Richter rebounds from Esmya losses in Q4
Image by Richter.hu
Hungarian drugmaker Gedeon Richter on Thursday reported a net loss of HUF 16.4 billion in the fourth quarter of 2018, narrowing from a HUF 35.7 bln loss in the base period on lower impairment costs related to its uterine fibroid drug Esmya, state news agency MTI reported. Net income for the full year jumped 251% to HUF 31.2 bln.
Richter said its management "considered it prudent" to account for an impairment loss amounting to HUF 24.3 bln with regard to Esmya when executing year-end mandatory impairment tests. The impairment loss related to the drug was well under the HUF 48.7 bln booked in 2017. Esmya sales plunged after restrictions were placed on the drugʼs use.
Fourth-quarter revenue climbed 10% to HUF 121.6 bln. Direct costs of sales rose at a faster clip, increasing 17% to HUF 56.9 bln. Gross profit was up 5% at HUF 64.7 bln.
Richter booked a HUF 29.4 bln loss on the "other income and other expenses" line of its profit and loss statement, showing the impact of the Esmya impairment. In the base period, the line showed a HUF 49.7 bln loss.
At the operating level, Richterʼs loss narrowed to HUF 7.6 bln, down from HUF 33.0 bln.
Full-year net income up 251%
Richterʼs net income for the full year jumped 251% to HUF 31.2 bln, also supported by the lower Esmya impairment. Revenue and direct costs of sales were both practically flat, at HUF 445.5 bln and HUF 191.5 bln, respectively. Gross profit stagnated at HUF 254. bln.
Operating profit climbed 112% to HUF 43.9 bln in 2018 as the loss on the "other income and other expenses" line fell to HUF 29.8 bln, down from HUF 54.2 bln. Earnings per share came to HUF 168 for the period.
Full-year sales of Esmya dropped 72% to HUF 8.2 bln because of the temporary precautionary measures introduced as part of a review by the Pharmacovigilance Risk Assessment Committee (PRAC) of the European Medicines Agency (EMA) into liver injury potentially related to the drug, MTI noted.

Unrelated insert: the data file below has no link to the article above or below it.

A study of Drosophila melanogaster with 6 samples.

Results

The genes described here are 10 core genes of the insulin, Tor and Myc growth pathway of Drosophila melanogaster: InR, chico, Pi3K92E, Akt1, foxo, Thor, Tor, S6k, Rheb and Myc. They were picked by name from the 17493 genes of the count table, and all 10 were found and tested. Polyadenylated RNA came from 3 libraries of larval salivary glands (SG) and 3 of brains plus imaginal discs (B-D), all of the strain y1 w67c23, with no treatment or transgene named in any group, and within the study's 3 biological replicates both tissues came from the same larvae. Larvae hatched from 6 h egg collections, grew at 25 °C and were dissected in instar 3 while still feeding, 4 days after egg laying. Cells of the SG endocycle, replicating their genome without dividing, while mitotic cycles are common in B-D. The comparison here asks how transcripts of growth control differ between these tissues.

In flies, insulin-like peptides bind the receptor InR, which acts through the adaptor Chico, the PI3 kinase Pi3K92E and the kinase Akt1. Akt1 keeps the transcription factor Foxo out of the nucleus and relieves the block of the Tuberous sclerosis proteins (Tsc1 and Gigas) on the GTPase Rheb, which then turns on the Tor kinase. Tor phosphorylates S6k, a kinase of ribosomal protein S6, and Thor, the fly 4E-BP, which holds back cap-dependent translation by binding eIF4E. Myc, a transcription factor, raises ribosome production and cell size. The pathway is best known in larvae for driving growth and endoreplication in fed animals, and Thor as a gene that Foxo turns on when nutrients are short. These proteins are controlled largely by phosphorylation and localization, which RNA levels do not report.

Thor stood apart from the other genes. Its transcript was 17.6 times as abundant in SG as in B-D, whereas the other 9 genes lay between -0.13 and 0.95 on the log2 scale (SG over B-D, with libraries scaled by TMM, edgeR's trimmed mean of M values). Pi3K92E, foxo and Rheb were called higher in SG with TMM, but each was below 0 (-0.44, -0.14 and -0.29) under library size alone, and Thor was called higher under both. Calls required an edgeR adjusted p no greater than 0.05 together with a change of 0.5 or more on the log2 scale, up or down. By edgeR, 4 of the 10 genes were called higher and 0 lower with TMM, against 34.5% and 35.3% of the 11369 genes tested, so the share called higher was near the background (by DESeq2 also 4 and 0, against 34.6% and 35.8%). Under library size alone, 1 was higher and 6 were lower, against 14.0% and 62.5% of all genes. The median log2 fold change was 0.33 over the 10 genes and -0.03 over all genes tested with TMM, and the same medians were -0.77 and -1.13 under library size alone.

The PRAC concluded last May that Esmya "may have contributed to the development of some cases of serious liver injury," and recommended that the medicine must not be used in women with known liver problems, that other patients may start new treatment courses provided they have regular liver tests, and that Esmya should be used for more than one treatment course only in women who are not eligible for surgery.
The PRAC recommendations were endorsed by the EMAʼs Committee for Medicinal Products for Human Use (CHMP) on June 1, and the European Commission adopted the opinion of the CHMP on the Esmya referral on July 30, clearing the way for the relaunch of the product.
‘Focused relaunch’ of Esmya
The restrictions on Esmya knocked it off the list of Richterʼs top ten best-selling products. In 2017, it was in third place. At the top of the list during the period were hormonal contraceptives, generating turnover of HUF 90 bln, and the nootropic Cavinton, with sales of HUF 31.8 bln.
Richter noted that its sales network had commenced the "focused relaunch" of Esmya on European markets late in August and early in September.
Speaking at a press conference after the earnings report was released, Richter CEO Gábor Orbán said Richter sees revenue, calculated in euros, rising 2-3% in 2019. Sales growth in Hungary could reach 0-2%, as sales in other East European countries stagnate but sales in Western Europe climb 10%, he added.
In Europe, sales of Esmya could rise to EUR 35 mln, said the CEO, while sales of Bemfola, used in fertility treatments, could climb in the double digits.
Russian sales, calculated in roubles, are set to "fall slightly," while sales in other CIS countries stagnate. U.S. sales are also seen remaining flat, while sales in China fall 10% and sales in Latin America climb 0-5%.
Richter Chairman Erik Bogsch noted that investments required to put a unique identifier (UID) on all of its medicine packaging had come to about HUF 7 bln. An EU directive requires UIDs for medicines from February 9, 2019. Introducing the UIDs reduced productivity by 10-20% and added to operating costs, Bogsch noted.